PORTLAND, Maine — If President-elect Donald Trump follows through on his plan to deport the millions of undocumented immigrants he claims have criminal records, Portland’s policy is to cooperate.
Although Maine’s largest city historically has been welcoming to immigrants and has taken steps to protect them, it lacks the policies of so-called sanctuary cities. Since the election, despite Trump’s threat to cut off federal funding, Chicago, New York, Los Angeles and other sanctuary cities have stood by their policy to guard immigrants from expulsion by limiting cooperation with federal authorities — even to the point of refusing requests to hold undocumented inmates in jail.
Portland has no such policy, and has no plans to enact one.
“Portland is not a sanctuary city,” said city spokeswoman Jessica Grondin. City “law enforcement personnel are to cooperate with federal officials, which is contrary to what a sanctuary city would do.”
The city code bars municipal employees — including police — from asking someone about his or her immigration status unless required by law. But the regulation makes exception for cases in which an employee has “reasonable suspicion” someone has committed a felony or has returned to the United States after being deported. And it instructs local law enforcement to work with with agencies such as U.S. Immigration and Customs Enforcement.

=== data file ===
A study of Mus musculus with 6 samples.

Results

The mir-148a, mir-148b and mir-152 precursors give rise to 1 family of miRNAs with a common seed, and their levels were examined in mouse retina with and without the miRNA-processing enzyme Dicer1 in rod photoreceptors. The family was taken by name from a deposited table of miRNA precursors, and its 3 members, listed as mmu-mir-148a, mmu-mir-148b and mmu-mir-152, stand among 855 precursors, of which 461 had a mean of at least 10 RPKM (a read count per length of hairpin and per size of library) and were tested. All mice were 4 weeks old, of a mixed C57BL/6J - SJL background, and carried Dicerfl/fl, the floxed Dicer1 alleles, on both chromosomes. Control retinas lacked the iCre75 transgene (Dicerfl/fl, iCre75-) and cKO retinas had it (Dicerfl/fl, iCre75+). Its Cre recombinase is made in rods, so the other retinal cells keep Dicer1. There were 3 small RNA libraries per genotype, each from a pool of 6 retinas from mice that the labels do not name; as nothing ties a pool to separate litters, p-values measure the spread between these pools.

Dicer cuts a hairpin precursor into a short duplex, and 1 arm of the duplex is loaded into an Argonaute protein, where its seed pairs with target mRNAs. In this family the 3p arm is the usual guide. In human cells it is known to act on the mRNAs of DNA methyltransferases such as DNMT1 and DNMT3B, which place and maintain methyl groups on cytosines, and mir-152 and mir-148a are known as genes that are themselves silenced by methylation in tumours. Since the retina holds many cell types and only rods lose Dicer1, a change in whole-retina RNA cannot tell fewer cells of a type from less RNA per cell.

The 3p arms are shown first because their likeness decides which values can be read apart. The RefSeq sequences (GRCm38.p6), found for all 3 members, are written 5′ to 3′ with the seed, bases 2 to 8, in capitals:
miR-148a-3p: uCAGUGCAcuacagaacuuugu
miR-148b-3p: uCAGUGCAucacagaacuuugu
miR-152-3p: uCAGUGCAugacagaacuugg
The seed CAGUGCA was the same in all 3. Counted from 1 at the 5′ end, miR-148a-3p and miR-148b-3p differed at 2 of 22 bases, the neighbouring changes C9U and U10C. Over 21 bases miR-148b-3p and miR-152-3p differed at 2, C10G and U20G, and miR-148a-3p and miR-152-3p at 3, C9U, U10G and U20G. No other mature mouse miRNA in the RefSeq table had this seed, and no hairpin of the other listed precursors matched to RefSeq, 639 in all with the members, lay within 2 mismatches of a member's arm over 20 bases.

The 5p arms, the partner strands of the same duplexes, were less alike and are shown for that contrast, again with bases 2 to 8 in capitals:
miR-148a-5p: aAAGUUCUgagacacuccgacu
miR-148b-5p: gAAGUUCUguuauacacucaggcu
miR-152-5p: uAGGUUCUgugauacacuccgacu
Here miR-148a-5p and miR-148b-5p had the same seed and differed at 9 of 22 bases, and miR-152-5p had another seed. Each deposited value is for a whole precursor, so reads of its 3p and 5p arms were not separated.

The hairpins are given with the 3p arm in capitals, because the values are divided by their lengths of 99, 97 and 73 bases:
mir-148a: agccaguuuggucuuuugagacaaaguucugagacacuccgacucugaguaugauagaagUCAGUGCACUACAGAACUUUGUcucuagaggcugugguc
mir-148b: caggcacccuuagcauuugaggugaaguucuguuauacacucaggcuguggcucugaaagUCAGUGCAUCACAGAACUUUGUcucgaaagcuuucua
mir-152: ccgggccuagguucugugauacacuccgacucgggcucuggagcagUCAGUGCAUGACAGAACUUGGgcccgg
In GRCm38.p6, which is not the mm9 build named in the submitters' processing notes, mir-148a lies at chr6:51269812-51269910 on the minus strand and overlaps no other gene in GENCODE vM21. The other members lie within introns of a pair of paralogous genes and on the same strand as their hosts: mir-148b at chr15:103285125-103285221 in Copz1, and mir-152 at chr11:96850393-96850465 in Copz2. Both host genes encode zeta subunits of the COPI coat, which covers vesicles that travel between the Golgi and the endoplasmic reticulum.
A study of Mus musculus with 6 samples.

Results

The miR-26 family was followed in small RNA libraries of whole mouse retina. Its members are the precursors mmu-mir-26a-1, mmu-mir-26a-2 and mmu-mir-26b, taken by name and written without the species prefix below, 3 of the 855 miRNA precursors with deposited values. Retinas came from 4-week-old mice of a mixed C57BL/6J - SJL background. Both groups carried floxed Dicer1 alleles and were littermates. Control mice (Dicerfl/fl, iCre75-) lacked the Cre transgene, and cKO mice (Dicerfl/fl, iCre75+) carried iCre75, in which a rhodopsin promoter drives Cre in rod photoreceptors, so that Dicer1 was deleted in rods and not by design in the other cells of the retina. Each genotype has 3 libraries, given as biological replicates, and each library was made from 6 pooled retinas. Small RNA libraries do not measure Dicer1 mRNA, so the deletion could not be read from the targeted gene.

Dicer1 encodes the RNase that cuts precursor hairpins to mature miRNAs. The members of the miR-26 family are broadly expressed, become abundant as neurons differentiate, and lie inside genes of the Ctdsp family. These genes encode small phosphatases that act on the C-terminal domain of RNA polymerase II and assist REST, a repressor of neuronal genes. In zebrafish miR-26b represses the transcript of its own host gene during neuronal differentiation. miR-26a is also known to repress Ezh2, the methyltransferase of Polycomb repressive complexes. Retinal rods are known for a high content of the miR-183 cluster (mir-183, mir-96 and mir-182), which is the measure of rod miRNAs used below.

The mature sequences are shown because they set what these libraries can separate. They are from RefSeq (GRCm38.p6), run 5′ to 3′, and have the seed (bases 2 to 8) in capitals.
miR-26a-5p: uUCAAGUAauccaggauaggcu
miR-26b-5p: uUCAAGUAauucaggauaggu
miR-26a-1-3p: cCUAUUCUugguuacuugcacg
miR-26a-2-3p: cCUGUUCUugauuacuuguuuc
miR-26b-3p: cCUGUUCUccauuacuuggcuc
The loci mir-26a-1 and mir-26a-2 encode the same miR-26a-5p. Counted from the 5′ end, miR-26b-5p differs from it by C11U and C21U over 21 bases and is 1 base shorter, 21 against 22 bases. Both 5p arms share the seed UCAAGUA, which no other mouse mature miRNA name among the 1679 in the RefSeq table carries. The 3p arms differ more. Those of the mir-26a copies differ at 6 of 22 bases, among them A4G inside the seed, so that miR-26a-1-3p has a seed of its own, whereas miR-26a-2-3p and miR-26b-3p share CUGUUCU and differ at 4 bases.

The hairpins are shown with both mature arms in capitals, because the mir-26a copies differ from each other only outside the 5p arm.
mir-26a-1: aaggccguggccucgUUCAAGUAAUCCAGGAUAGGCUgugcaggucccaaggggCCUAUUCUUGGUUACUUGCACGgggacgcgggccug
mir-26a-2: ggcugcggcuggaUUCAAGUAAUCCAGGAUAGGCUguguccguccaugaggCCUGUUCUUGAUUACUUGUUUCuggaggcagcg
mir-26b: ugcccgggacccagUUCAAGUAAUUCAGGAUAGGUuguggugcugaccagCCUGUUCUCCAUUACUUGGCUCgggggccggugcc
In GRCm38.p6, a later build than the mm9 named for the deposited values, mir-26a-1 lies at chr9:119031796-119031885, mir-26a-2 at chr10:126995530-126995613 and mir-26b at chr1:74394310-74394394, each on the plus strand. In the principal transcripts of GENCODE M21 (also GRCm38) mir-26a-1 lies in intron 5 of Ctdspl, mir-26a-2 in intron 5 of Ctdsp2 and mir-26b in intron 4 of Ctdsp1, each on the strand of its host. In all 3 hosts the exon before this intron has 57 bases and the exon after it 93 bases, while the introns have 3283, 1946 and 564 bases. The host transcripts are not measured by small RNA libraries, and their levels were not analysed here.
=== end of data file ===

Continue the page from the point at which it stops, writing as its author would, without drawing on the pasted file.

Maintaining a separation between federal immigration authorities and police is important if local authorities are to keep the trust of immigrant communities in Maine, according to Susan Roche, executive director of the Immigrant Legal Advocacy Project.
Portland’s policies do much to maintain this trust, Roche said. But with Trump’s election and talk of large-scale deportations, the city’s refugee and immigrant population is nervous about what policies might be enacted after his inauguration.
“We would want to see our local authorities stand up against any federal attempts to force [police] to become federal immigration officers,” she said.
On Sunday, Trump told CBS’ “60 Minutes” that his administration would immediately begin deporting undocumented criminals when he takes office in January. He previously had pledged during his campaign to round up and deport all of the estimated 11 million undocumented immigrants in the United States.
From 2009 to 2015, President Barack Obama deported more than 2.5 million people, according to ABC News, more than any other president
Under the most recent proposal, Portland’s policy would mean at least some cooperation from the left-leaning city. Under city regulation, police could inform ICE if they were holding someone known to be in the country illegally and comply with requests from the agency. But since those seeking city services cannot be asked about their legal status, Portland officials may not be able to help identify undocumented immigrants.
There is no settled definition of a sanctuary city. The term is not used by ICE and it is unclear what policies Trump aims to end. The administration of Gov. Paul LePage previously contended that Portland is a sanctuary city, but city leaders argue it isn’t, and they seem comfortable with that.
“I think our policy is pretty strong in terms of protecting immigrants and protecting people across the board,” said Mayor Ethan Strimling.
By definition, undocumented immigrants are difficult to count and track. Trump claimed that there are 2 to 3 million undocumented immigrants who have “criminal records” in the United States, but the nonpartisan Migration Policy Institute estimates there are 820,000 undocumented felons.
As of 2012, Maine was estimated to be among the states with the fewest unauthorized immigrants. It had fewer than 5,000, according to the Pew Research Center.